Federal vs. State Charges: What’s the Difference?

Federal vs. State Charges: What's the Difference?

There are several critical differences between federal and state criminal charges. From the type of crimes involved to the length of sentences and what venue a crime should be prosecuted, federal and state charges can differ significantly and have serious, life-altering consequences.

State Criminal Charges

State crimes typically include moderate to mild violations such as DWI/DUI cases, sexual assault, theft, homicide & murder, drug trafficking, Medicaid & Medicare fraud, and other crimes. When a violation is committed in a certain state, it is prosecuted by the local or state court under the State’s laws. This can affect how charges are classified and the length of sentencing for specific charges.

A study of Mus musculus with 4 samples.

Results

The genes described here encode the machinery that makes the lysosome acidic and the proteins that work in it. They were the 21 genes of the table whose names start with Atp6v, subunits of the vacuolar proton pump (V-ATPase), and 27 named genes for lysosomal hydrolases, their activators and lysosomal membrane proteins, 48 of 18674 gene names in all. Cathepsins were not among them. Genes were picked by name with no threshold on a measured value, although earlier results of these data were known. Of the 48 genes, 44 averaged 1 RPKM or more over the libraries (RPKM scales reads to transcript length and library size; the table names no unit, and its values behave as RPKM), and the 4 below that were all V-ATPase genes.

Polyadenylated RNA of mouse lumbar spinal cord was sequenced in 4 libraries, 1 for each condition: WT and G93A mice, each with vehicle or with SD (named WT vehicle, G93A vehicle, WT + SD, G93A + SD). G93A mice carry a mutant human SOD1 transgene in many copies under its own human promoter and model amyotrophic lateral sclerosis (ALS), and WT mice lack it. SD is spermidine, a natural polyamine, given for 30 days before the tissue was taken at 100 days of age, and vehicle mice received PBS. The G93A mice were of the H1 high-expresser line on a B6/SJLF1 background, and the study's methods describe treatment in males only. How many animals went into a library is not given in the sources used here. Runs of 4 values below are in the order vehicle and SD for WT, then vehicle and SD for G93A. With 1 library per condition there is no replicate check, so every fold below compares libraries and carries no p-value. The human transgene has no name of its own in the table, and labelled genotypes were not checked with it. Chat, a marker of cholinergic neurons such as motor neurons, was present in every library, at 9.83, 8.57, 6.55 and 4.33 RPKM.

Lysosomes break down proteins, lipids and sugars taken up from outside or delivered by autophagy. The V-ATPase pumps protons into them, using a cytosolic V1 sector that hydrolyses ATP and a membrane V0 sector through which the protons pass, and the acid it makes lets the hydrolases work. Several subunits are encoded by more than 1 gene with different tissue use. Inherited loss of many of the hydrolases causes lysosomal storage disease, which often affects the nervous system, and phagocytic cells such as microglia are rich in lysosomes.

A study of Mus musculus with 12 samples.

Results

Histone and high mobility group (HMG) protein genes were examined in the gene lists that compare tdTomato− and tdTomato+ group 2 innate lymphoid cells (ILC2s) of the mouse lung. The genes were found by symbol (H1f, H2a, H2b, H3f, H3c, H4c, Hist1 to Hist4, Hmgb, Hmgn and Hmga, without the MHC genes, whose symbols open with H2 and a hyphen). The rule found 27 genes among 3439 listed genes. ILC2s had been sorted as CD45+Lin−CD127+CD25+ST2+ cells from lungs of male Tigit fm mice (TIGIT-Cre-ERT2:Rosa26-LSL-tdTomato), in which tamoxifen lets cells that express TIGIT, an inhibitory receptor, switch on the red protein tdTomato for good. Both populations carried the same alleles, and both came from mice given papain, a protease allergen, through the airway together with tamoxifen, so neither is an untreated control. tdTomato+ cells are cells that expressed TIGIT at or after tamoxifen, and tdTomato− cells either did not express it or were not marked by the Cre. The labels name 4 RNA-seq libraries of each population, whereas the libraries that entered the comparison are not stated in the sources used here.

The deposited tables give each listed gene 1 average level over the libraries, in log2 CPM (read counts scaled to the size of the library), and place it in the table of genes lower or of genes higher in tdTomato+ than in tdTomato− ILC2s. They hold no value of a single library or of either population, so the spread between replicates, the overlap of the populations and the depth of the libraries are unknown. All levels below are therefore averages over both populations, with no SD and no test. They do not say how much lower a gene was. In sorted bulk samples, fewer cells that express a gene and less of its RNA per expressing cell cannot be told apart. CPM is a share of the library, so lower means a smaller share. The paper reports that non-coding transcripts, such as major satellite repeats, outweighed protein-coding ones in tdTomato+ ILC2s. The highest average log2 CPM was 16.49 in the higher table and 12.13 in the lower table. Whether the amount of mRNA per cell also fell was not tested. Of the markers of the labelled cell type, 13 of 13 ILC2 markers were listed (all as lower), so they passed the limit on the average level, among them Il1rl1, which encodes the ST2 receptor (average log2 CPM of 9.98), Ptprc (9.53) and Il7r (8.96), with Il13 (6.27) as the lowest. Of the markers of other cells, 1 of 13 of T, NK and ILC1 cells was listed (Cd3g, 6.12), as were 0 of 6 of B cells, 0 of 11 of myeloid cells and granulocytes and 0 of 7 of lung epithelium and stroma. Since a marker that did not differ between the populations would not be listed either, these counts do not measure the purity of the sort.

Federal Criminal Charges

Federal crimes are severe violations that are committed on federal property or directly involve the government, such as mail fraud, drug trafficking and possession (particularly when shipped across state lines), violent crimes (assault & battery), embezzlement, tax fraud, and other violations of federal laws.

How Federal and State Charges Differ

Federal charges typically carry harsher penalties and higher fines than State charges, and sentencing guidelines are generally longer than State sentences. However, both federal and state charges can come with serious, life-altering consequences if convicted, such as difficulty getting a job, obtaining housing, and even forfeiture of certain civil rights, such as the right to possess a firearm, serve on a jury, or receive federal cash assistance and other benefits.

Contact Our Criminal Defense Attorneys Today

If you have been charged with a state or federal crime in Missouri, it’s essential to consult an experienced criminal defense attorney immediately. Rogers Sevastianos & Bante, LLP has over 75 years of combined experience in criminal defense cases and will diligently fight to protect your rights. For a free, no-risk consultation, contact Rogers Sevastianos & Bante, LLP today.